ARLINGTON — Plans for a new urban village are in the works on 20 acres of farmland south of Arlington Municipal Airport and within the Cascade Industrial Center.
Paul Woodmansee, cofounder and president of BYK Construction in Sedro-Woolley, is seeking a conditional use permit from Arlington to build the self-contained, mixed-use neighborhood at 16612 51st Ave.
Named the 51st Avenue Urban Village, it would combine 448 multi-family residential units, 21,982 square feet of office building space and 69,058 square feet of retail space.
The proposed layout filed in December by Mount Vernon-based Carletti Architects shows six four-story apartment buildings, eight commercial buildings with upstairs housing and 16 single-family live-work units abutting a large public park. Plenty of parking, walkways, landscaping, utilities and more public spaces round out the project.
“Thousands of jobs are planned, and our housing concept is set up to provide market rate quality housing for the work force those jobs get filled with,” said Woodmansee, who bought the property in June. “The location will allow for residents to walk, bike or take transit to and from work and will assist with causing less congested roads to the CIC region.”
The property is located south of National Food Corp. and north of an old house and Emerald Springs RV Park. It is zoned general commercial, with a mixed-use overlay.
If it sounds like the project’s housing and commercial elements don’t meet the definition of what can be built within the designated 4,000-acre manufacturing and industrial center, consider this a “grandfathered in” project. Arlington community and economic development director Marc Hayes said the city has been working with the developer for two years, well before the industrial center’s status was finalized.
Hayes essentially describes the village as a microcosm of the industrial center’s concept to have housing merged with business and manufacturers within walking distance where people work, creating what would be less impact on local roads.
Space for new housing is at a premium for meeting future needs in Arlington, Hayes said. This project could relieve some pressure.
The centerpiece of the project is a community park that will have a concrete boardwalk, large grassy spaces, public restrooms and a stage for public events, like summer concerts and movies, Woodmansee said.
“We have situated live/work single-family units along the park in an alley-load (narrow house plan) and boardwalk-like fashion that will be a unique living and working community that creates a vibrant small retail or service area near all the park open space,” he said.
Woodmansee said his team is also recruiting a neighborhood grocery store tenant and is in talks with Stillaguamish Tribe officials about building a longhouse example in the park.
Businesses envisioned for the village would be a mix of small retail shops, medical/dental services, offices, a coffee house, a brew pub and restaurants.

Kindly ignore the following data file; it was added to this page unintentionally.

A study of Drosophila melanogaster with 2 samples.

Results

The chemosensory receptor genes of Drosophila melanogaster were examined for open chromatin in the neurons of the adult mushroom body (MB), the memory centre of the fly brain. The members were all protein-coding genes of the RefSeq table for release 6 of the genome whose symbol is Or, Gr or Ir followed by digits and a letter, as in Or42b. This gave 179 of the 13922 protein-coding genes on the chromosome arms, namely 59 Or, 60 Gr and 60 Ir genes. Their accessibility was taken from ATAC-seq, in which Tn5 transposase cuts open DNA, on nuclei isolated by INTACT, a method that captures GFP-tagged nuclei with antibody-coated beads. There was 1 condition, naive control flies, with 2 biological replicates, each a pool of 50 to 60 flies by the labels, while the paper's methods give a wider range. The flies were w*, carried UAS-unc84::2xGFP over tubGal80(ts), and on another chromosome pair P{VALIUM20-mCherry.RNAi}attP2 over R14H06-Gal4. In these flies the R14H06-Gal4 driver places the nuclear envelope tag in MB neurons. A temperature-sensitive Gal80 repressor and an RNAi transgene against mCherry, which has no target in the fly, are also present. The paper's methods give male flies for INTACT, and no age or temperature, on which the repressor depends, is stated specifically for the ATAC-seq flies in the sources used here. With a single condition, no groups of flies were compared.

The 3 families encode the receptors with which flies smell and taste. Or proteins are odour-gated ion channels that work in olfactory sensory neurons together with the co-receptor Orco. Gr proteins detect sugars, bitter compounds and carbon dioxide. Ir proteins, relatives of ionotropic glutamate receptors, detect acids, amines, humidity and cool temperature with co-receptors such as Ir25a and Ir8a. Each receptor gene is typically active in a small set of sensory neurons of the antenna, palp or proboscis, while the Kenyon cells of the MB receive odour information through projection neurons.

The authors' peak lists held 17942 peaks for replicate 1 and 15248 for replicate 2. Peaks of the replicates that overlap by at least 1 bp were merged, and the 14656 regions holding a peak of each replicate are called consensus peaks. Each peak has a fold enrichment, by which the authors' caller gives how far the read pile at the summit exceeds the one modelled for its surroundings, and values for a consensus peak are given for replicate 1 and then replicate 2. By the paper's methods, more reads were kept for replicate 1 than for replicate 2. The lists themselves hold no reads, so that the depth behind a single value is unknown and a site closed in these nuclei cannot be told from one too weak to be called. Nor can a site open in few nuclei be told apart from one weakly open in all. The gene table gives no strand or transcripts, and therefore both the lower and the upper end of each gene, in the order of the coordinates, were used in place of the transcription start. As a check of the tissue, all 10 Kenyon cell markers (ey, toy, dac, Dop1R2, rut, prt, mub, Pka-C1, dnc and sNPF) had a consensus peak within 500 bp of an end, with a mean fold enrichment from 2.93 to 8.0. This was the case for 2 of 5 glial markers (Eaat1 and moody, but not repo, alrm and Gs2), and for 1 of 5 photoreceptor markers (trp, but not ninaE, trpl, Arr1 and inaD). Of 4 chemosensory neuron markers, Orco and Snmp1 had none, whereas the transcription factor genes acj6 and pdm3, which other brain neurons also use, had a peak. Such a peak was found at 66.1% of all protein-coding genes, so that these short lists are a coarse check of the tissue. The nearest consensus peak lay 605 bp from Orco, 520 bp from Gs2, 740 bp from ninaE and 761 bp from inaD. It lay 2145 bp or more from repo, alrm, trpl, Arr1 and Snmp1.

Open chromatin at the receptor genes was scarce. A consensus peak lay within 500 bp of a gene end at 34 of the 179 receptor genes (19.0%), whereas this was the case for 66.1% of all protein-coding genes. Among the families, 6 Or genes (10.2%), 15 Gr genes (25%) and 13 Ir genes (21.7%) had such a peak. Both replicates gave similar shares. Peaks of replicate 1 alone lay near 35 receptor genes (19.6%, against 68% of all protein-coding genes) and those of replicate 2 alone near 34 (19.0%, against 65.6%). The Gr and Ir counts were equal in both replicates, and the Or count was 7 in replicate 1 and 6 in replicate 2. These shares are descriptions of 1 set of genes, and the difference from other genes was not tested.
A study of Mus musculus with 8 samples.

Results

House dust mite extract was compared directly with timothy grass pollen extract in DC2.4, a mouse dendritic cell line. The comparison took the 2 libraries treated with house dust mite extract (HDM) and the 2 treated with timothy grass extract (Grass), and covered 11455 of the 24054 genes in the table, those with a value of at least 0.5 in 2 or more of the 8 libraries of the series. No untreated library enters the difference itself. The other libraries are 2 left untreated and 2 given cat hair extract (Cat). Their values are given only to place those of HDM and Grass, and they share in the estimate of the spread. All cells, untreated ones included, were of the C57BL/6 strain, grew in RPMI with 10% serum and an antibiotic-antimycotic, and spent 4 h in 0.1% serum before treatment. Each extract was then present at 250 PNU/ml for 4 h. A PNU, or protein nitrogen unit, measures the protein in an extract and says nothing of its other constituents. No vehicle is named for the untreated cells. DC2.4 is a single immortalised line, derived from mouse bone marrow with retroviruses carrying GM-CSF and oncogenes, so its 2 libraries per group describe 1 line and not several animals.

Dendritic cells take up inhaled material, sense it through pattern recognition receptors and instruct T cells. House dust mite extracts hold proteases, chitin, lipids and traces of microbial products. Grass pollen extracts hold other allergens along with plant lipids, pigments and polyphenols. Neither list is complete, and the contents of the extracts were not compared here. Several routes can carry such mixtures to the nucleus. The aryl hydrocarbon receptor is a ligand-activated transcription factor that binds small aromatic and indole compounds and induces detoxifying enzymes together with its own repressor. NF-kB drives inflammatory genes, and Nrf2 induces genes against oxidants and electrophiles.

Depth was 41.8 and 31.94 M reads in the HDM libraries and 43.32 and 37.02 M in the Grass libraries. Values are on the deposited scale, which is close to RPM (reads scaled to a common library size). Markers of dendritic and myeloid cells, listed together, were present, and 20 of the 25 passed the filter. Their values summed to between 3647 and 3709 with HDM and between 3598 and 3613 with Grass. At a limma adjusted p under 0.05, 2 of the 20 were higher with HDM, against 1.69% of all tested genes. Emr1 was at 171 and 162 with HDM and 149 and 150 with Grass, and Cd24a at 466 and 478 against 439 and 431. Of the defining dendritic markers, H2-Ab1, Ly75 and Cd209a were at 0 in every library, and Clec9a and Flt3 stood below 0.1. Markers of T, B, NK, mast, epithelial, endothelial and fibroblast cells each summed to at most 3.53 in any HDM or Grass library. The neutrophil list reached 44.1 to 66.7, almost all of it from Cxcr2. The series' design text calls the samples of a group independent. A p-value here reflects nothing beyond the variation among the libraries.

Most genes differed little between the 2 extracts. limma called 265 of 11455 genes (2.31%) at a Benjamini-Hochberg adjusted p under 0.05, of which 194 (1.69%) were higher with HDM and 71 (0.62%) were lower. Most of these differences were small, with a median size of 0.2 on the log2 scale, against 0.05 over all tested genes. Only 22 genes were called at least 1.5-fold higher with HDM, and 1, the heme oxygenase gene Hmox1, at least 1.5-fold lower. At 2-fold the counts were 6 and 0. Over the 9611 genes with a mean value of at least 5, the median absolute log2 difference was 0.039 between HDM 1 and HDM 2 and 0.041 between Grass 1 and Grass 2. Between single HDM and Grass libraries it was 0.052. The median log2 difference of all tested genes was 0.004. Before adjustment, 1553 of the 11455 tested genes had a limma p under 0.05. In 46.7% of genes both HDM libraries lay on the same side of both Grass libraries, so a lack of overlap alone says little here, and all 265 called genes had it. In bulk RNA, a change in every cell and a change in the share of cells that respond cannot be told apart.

Woodmansee said his company is taking advantage of federal tax incentives since the property is in an Opportunity Zone, a program that stimulates capital investment and encourages job creation by giving tax discounts to investors in the project.
Road and traffic
The builder is required to incorporate new roads to alleviate stress on the busy stretch of Highway 531 known as 172nd Street Northeast. The state has already funded a road widening project for 2023.
The project will widen 51st Avenue this year, then extend 168th Street Northeast on the north side of the village west to connect with Smokey Point Boulevard, adding sidewalks, bike paths and landscaping, while a new 47th Avenue will be installed to create a north-south connection to 172nd Street. Eventually, 168th will be extended to 67th Avenue, taking more pressure off 172nd.
The project is anticipated to add 3,870 more daily trips on average to the 172nd area, including 344 more vehicles during peak commuter hours, according to traffic studies.
On Jan. 21, the City Council awarded a $113,295 contract with Murraysmith to design plans for extending water, sewer and a communications trunk-line under and south of 172nd that would serve the urban village and other future CIC tenants.
Contractor BYK Construction hopes to begin building this spring or summer. The three-phase project would wrap up in summer 2024.
A conditional use permit public hearing will be scheduled in the coming weeks.
Woodmansee said he was drawn to build in Arlington by the hometown feel of downtown and the people who remind him of his own Sedro-Woolley. He is eager to get the project going.
“Our goal is to make a fresh, vibrant, walkable community urban village that the people will want to live at,” Woodmansee said, “As well as the people of Arlington will want to visit.”
This story originally appeared in the The Arlington Times, a sibling paper to The Herald.